Rovers Tickets Campaign Succeeding
Blackburn Rovers' pioneering 'We Believe' ticketing promotion' to encourage fans back to Ewood Park has been hailed a great success by the media, fans and the club itself.
The radical price reductions introduced just six months ago have already resulted in increased crowds at only a fraction of what was originally forecast.
At this point, just over half way through the season, average gates have increased by almost 2,000 while a game-for-game comparison shows that attendances are up by a very significant 3,100 on last season.
The campaign has seen the number of season ticket holders increase by 2,500 on 2006/7. This figure is up by almost 19 per cent on last year and represents the first major turn around in support for several seasons.
Taking into consideration the 'churn level' (those who do not renew) of about 1,000, the actual total of new season ticket holders is 3,500.
Although the club budgeted £1 million of the latest TV deal for the initiative, the bigger attendances attracted by the promotion mean that it has only had to use £300,000 to win back the fans.
On average there are about 600 more match day ticket sales per game.
Dramatic cuts to the cost of seeing home fixtures together with competitive football are bringing back followers in increasing numbers.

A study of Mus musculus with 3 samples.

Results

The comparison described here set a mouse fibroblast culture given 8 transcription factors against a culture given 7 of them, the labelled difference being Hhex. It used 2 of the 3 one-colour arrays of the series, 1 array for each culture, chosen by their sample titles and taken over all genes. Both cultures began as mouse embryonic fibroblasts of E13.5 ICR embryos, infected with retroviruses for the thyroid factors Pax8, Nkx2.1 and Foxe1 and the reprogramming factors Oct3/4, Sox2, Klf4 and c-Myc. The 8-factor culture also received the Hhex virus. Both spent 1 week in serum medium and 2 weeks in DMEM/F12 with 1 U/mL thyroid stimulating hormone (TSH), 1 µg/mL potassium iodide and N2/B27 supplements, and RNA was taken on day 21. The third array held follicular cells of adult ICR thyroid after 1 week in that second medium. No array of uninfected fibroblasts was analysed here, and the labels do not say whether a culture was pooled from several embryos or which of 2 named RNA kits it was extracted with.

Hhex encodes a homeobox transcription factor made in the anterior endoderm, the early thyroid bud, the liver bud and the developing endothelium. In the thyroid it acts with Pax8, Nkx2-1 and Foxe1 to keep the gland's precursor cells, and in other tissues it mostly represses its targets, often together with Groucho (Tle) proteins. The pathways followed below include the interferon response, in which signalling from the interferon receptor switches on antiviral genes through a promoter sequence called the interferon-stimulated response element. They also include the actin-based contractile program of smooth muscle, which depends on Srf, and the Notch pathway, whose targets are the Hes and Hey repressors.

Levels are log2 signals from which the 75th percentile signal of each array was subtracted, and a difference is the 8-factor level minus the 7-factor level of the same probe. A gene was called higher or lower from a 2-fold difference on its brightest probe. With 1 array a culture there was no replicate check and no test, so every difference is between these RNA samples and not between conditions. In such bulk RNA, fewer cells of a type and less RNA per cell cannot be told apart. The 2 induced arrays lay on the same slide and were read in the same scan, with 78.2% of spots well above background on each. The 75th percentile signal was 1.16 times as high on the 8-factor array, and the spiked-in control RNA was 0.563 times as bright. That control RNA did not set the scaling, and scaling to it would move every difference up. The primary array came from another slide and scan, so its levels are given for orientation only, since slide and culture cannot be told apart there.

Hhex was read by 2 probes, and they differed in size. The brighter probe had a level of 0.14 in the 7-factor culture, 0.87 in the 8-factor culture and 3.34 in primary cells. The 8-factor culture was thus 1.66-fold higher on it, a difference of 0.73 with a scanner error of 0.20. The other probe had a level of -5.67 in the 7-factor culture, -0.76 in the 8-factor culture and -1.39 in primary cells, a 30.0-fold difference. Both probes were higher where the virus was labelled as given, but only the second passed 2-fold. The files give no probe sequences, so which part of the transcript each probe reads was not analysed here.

Adult season tickets have been slashed to less than £300, children's to as little as £40 whilst match day prices are often around £20 and cup games down to £5.
Fans that had stopped attending due to the spiralling cost of watching the Premier League have started to return.
Simon Williams, the club's commercial and marketing manager, views the increased following as justification for the major promotional campaign he is leading at Ewood.
Heartened by the positive reaction by the Blackburn public, he is already looking to grow support in future years.
'On the whole, we see it as a great success considering the current trends in football and hope to further build on the success in the coming season,' he said.
'It's important not to forget that any initiative like this relies on the quality of the product and this year the football has been excellent and, at this point, we are very much in the race for Europe.'
The achievements by the club have seen Blackburn Rovers win the Northwest Football marketing award for the 'We Believe' promotion.
And the increase in numbers (and subsequent additional revenue) has meant that what might have seemed a major financial gamble is in fact paying dividends.
The PR benefits are difficult to quantify, but those running the club view their battle to attract followers, jaded by the predictability of the league and sky-high players' wages, as a fight worth taking on.
Blackburn is one of four Premier League teams to reduce prices in an attempt to stop fans drifting away from attending live games.
Middlesbrough, Bolton and Wigan have also invested significant amounts of money to try to bring back supporters.
To put the success of Blackburn's campaign into context, Middlesbrough's attendances are actually down by over 2,000; Wigan's by 2,500 and Bolton's have fallen by over 4,500 on 2006/7.
One thing as a regular match go-er myself I have noticed is the better quality match atmosphere that is generated this season as opposed to last. Home games against Man City, Newcastle and in particular Arsenal were particularly impressive.
In fact, the club has also revealed that it has managed to bring back season ticket holders who have not held one for up to eight years and they have even managed to convert one Manchester United supporter into buying a season ticket!!!
And if that doesnt bring a smile to your face nothing will.